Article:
Demonstrating environmental leadership, the Cities and Towns of Corte Madera, El Cerrito, Larkspur, Mill Valley, Napa, Novato, Richmond, Ross, and San Rafael; and the Counties of Marin and Napa have all voted to enroll in MCE’s Deep Green electricity service, which is 100% greenhouse gas-free, Green-e Energy certified, wind and solar power produced in California.

The collective impact will result in the elimination of over 7,200 metric tons of electricity-related greenhouse gas emissions, which is the EPA equivalent of removing over 1,500 cars from the road in one year. These 11 communities join the Cities and Towns of Belvedere, Fairfax, San Anselmo, San Pablo, and Sausalito; which were the first of MCE’s member municipalities to opt up to Deep Green 100% renewable energy service.

  • The Napa County Board of Supervisors unanimously voted to opt up to Deep Green, which will reduce municipal operations emissions by nearly 20%. The City also committed to 100% renewable energy: “The City of Napa is proud to make renewable energy a priority,” said Mayor Jill Techel. “By choosing the Deep Green power option, we are taking a big step in becoming a sustainability leader and meeting our climate action goals.”
  • El Cerrito became the first city in Contra Costa County to opt up all municipal accounts to 100% renewable energy. “El Cerrito has reduced over 1,400 metric tons of electricity emissions since enrolling with MCE,” said Mayor Janet Abelson. “To celebrate El Cerrito’s 100th anniversary, the City and its Environmental Quality Committee partnered with MCE to launch ‘100 for 100’, encouraging residents and businesses alike to join the City in opting up to 100% renewable energy service. It’s gratifying to know that together we can take responsibility and have impact on a local level.”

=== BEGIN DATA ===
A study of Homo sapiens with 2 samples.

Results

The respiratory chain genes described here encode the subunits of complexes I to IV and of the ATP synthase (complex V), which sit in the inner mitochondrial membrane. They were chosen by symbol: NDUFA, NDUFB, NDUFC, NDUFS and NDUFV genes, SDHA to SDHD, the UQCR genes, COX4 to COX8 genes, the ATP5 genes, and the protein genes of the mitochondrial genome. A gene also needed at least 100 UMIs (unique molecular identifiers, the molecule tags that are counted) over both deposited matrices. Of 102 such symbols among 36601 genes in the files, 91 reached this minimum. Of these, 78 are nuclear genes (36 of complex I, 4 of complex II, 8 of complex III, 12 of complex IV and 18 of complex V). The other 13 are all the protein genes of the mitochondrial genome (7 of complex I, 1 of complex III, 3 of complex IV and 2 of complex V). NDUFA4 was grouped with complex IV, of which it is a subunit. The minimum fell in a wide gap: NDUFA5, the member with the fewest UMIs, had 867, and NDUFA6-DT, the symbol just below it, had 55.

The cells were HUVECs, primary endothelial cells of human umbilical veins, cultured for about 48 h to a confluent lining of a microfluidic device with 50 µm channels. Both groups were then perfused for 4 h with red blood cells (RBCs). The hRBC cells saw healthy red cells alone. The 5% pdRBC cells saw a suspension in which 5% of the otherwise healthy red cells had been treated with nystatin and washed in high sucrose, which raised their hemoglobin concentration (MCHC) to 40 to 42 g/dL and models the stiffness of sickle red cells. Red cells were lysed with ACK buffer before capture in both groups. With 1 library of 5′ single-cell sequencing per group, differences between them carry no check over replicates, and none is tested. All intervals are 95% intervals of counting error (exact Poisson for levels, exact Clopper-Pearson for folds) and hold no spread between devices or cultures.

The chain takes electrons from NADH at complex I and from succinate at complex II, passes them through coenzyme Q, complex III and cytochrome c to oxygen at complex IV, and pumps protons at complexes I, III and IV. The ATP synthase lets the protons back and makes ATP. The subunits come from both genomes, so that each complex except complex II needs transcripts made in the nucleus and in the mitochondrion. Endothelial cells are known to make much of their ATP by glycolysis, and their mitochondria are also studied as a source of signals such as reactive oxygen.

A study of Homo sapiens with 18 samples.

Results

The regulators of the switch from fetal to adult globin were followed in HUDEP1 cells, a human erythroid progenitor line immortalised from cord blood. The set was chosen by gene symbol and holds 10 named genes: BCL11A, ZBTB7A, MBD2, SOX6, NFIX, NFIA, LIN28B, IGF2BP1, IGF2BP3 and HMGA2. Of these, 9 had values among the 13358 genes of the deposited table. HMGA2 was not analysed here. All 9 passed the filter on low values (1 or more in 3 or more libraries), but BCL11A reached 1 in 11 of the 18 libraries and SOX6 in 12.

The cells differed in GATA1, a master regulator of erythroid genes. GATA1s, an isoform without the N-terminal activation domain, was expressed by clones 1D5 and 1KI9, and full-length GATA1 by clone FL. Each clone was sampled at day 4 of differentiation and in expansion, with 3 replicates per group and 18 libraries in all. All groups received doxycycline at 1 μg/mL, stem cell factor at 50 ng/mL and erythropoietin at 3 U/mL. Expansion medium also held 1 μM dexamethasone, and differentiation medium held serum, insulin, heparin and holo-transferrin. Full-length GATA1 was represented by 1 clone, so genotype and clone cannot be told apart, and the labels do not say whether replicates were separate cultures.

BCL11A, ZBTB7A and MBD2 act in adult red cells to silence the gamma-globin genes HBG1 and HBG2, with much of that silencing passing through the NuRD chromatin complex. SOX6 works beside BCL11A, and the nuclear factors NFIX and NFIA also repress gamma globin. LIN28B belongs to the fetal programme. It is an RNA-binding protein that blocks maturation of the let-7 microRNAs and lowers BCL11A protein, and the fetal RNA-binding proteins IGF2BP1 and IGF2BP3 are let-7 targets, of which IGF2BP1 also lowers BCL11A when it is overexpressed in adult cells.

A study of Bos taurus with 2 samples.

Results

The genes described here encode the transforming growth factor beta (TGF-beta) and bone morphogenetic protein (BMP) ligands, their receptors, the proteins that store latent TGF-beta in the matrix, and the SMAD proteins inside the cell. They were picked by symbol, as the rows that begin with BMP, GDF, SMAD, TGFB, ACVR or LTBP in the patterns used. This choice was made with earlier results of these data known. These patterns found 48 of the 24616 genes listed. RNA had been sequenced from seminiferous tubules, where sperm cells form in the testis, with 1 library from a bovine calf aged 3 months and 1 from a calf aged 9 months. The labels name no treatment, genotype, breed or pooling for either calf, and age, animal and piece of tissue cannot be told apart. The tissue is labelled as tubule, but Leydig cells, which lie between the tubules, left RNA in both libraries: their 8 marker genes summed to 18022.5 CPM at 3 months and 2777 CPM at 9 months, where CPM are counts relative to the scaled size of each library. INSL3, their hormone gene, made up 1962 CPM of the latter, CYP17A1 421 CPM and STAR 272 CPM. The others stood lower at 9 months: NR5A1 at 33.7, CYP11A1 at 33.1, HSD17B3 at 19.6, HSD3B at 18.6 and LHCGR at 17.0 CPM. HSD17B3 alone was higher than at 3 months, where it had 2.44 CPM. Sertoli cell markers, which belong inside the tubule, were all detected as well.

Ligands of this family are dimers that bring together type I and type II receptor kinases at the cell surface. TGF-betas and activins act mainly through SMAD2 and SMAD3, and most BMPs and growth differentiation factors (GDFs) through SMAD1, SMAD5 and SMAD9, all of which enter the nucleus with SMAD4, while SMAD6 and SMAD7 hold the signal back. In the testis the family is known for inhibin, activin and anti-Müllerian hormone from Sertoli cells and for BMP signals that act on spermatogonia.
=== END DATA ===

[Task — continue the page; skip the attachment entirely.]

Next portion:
• The City of Richmond has adopted a budget that included Deep Green for all municipal electricity accounts. “Richmond is proud to continue being the leader in Deep Green electricity consumption in MCE’s service area,” said Mayor Tom Butt. “The premium from Deep Green helps fund projects like MCE Solar One, which will be the Bay Area’s largest publicly owned solar farm, supporting 341 jobs and generating enough power for 3,417 homes per year.”
  • The City of San Rafael will enhance its use of Deep Green power by adding solar and lighting retrofits to its municipal facilities, accelerating its climate efforts. Residential and commercial energy emissions have decreased by about 25% from 2005 to 2014, which has helped reduce emissions by 15% below 2005 levels.
  • Across Marin County, independent advocates and activists of all ages played a key role in influencing local decisions. At San Rafael’s City Council meeting, support for the 100% renewable energy movement included an impassioned plea from San Domenico High School student Luci Paczkowski: “Local government leaders, I need you to act today to do more, to do all you can for my generation’s future. Clean energy isn’t a convenience, it’s an absolute necessity.” And through an initiative developed in an Environmental Forum of Marin Master Class, Sarah Loughran and Helene Marsh worked with local governments to promote the urgency of adopting pollution-free energy.

In total, more than half of all MCE member communities have opted up to Deep Green. Not only does this contribute more renewable energy to California’s electrical grid, but MCE estimates that Deep Green electricity consumption will increase by 66% in 2017, due in large part to recent municipal adoption. In 2018, MCE expects to reach its goal of having Deep Green account for 5% of its total electricity load, seven years ahead of its original 2025 target.